Policies | Work-Related Musculoskeletal Disorders (WMSDs) Interventions

Health-related policies to prevent WMSDs1-9

Workplace policies promote a corporate “culture of good health.”

Design policies to demonstrate management commitment to worker safety

  • The CDC National Institute for Occupational Safety and Health (NIOSH) has developed a primer, Elements of Ergonomic Programs, outlining the basics of implementing and evaluating workplace ergonomic programs which includes recommendations for workplace management to reduce WMSDs; a toolkit of techniques and methods; and illustrations of the practical experiences gained by NIOSH through workplace investigations. The primer focuses on the following seven steps for addressing WMSD concerns in a workplace which can demonstrate the employer’s commitment to worker safety
    • Look for signs of potential WMSD problems in the workplace such as job tasks that require repetitive, forceful exertion
    • Show management commitment in addressing possible problems by encouraging worker involvement in problem-solving activities
    • Offer training to management and workers to enhance knowledge and skill in evaluating potential WMSDs
    • Gather data to identify jobs or work conditions that are the most problematic
    • Identify effective controls, such as engineering controls related to workstation layout, for tasks that pose WMSD risks
    • Establish health care management emphasizing the importance of early detection and treatment of WMSDs
    • Minimize risk factors when planning new work processes and operations

Policies that enhance worksite lifestyle programs such as physical activity are important in managing arthritis

  • Research has shown that physical activity decreases pain, improves function, and delays disability for persons with arthritis
  • Research suggests that maintaining a healthy weight reduces the risk of developing arthritis and may decrease disease progression
  • The health-related policy strategies and interventions listed for nutrition and physical activity include lifestyle activities recommended that can be promoted to individuals with arthritis

Disability management and return to work policies can provide support to employees with WMSDs

  • Policies and programs that are designed to prevent, treat, and/or rehabilitate WMSDs (disability management) or facilitate the return of ill, injured or disabled employees to work as soon as they are able to perform meaningful, productive work in accordance with a physician’s guidance (return to work) are beneficial to both the employer and employee. There are several reasons for employers to implement effective disability management and return to work programs beyond the human and financial costs to the employer and employee including:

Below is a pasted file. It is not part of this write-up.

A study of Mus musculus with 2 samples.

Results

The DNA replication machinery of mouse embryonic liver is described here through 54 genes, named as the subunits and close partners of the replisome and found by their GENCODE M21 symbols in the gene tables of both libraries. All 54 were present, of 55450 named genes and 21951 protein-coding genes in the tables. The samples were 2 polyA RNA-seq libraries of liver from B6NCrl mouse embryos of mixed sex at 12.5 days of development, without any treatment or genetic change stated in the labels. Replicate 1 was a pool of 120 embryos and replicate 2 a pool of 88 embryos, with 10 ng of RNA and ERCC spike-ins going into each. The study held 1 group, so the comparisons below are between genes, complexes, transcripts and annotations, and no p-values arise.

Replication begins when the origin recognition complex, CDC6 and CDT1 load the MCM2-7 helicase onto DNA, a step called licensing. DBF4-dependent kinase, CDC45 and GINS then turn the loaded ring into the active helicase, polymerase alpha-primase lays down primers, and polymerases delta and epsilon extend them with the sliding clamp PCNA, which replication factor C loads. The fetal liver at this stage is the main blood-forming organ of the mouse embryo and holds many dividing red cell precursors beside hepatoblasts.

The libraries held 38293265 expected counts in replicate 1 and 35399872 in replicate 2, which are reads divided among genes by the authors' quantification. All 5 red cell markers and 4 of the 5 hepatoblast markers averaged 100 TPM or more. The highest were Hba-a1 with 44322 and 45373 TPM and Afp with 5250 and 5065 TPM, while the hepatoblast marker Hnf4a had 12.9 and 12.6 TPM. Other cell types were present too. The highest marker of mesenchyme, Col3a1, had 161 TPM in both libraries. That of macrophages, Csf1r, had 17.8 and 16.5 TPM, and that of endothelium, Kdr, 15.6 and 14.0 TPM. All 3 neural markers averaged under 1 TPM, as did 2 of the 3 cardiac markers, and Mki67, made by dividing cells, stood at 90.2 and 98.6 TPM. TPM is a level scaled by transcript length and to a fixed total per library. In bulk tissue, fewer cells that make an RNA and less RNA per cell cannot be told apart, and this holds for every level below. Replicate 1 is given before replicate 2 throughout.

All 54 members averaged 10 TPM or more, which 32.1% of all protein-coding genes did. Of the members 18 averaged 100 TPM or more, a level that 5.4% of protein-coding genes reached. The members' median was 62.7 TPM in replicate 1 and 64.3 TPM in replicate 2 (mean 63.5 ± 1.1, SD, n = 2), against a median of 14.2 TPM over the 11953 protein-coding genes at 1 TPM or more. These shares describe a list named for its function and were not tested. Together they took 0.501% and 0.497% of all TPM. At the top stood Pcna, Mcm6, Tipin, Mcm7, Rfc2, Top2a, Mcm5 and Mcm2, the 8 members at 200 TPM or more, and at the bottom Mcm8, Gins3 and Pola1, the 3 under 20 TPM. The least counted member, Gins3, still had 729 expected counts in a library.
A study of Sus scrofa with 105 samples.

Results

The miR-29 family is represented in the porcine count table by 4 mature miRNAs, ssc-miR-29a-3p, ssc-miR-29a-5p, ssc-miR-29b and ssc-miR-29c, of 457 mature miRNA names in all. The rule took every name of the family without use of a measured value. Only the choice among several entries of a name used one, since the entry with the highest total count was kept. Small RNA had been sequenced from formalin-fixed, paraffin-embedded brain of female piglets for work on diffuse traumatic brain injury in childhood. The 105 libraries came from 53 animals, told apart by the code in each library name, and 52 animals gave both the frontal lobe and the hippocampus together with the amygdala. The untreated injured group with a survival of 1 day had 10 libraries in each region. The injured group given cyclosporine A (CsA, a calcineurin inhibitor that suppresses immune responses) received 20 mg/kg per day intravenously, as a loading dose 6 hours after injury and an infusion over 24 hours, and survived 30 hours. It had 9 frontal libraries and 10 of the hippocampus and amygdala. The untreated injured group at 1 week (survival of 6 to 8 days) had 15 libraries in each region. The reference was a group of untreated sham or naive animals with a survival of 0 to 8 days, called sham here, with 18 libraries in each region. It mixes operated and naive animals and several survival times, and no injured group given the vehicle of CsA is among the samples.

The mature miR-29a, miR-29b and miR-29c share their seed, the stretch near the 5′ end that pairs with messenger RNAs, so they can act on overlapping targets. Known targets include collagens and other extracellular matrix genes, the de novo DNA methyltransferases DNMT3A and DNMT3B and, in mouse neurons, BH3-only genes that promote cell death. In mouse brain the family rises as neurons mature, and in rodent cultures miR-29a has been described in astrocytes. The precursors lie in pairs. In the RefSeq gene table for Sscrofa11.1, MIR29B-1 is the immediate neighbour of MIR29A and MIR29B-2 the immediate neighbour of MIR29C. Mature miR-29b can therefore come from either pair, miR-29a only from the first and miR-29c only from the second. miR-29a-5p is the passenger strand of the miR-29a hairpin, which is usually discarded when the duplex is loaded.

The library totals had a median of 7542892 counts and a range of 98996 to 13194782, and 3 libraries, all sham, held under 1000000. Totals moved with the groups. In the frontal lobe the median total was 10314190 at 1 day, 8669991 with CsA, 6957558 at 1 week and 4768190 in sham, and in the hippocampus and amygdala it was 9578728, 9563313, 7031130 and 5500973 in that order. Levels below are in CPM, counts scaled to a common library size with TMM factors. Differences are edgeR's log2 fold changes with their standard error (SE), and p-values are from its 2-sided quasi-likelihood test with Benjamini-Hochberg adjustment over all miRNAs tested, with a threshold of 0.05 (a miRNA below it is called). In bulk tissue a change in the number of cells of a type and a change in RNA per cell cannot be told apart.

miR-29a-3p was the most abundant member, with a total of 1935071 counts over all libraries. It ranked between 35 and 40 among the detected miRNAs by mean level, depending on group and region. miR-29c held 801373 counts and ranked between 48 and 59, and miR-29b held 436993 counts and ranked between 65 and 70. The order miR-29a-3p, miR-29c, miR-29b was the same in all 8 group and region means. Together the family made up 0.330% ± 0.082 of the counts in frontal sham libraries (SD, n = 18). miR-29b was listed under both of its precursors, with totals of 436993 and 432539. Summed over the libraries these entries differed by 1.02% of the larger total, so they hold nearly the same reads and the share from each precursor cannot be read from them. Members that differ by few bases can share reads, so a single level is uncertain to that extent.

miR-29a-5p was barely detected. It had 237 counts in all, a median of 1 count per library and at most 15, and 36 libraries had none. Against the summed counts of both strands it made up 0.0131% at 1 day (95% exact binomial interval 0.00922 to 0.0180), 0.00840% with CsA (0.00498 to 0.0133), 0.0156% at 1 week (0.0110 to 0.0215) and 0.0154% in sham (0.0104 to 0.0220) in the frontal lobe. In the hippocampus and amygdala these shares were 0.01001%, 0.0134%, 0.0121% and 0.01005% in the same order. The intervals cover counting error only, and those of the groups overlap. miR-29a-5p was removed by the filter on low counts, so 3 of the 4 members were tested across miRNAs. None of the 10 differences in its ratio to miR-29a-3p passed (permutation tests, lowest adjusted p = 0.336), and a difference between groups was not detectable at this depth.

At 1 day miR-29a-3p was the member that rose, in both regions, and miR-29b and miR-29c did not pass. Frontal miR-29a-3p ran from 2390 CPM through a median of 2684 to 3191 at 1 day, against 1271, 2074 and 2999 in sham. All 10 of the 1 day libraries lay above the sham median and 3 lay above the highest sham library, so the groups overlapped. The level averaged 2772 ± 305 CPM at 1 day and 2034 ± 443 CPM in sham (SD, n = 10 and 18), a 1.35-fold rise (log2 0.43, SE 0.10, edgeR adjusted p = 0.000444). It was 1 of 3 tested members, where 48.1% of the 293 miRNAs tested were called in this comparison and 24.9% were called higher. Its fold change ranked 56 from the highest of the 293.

• Contributing to a safer work environment
    • Maintaining a skilled workforce in the event of employee disability
    • Assisting employees with re-entry to the workforce following an injury or illness through transitional work and reasonable accommodations
    • Increasing workers sense of security knowing that their employer will provide support and assistance in the event of disability

1.  Centers for Disease Control and Prevention; National Institute for Occupational Safety and Health. Elements of ergonomic programs: a primer based on evaluations of musculoskeletal disorders. 1997. DHHS (NIOSH) Publication No. 97-117. Available from: https://www.cdc.gov/niosh/docs/97-117/.

2.  Centers for Disease Control and Prevention. Targeting arthritis: improving quality of Life for more than 46 million Americans, At-A-Glance 2008. Atlanta, GA: U.S. Department of Health and Human Services, 2008.

3.  Dunlop DD. Risk factors for functional decline in older adults with arthritis. Arthritis Rheum 2005;52:1274–82.

4.  Shih M, Hootman JM, Kruger J, Helmick CG. Physical Activity in Men and Women with Arthritis: National Health Interview Survey, 2002. Am J Prev Med 2006; 30(5):385–393.

5.  Penninx BW, Messier SP, Rejeski WJ, et al. Physical exercise and the prevention of disability in activities of daily living in older persons with osteoarthritis. Arch Intern Med 2001;161:2309–16.

6.  Westby MD. A health professional’s guide to exercise prescription for people with arthritis: a review of aerobic fitness activities. Arthritis Rheum 2001;45:501–11.

7.  Thomas KS, Muir KR, Doherty M, Jones AC, O’Reilly SC, Bassey EJ. Home-based exercise programme for knee pain and knee osteoarthritis: randomised controlled trial. BMJ 2002;325:752.

8.  Messier SP, Loeser RF, Miller GD, et al. Exercise and dietary weight loss in overweight and obese older adults with knee osteoarthritis: the Arthritis, Diet, and Activity Promotion Trial. Arthritis Rheum 2004;50:1501–10.

9.  Brady TJ, Kruger J, Helmick CG, Callahan LF, Boutaugh ML. Intervention programs for arthritis and other rheumatic diseases. Health Educ Behav 2003;30:44–63.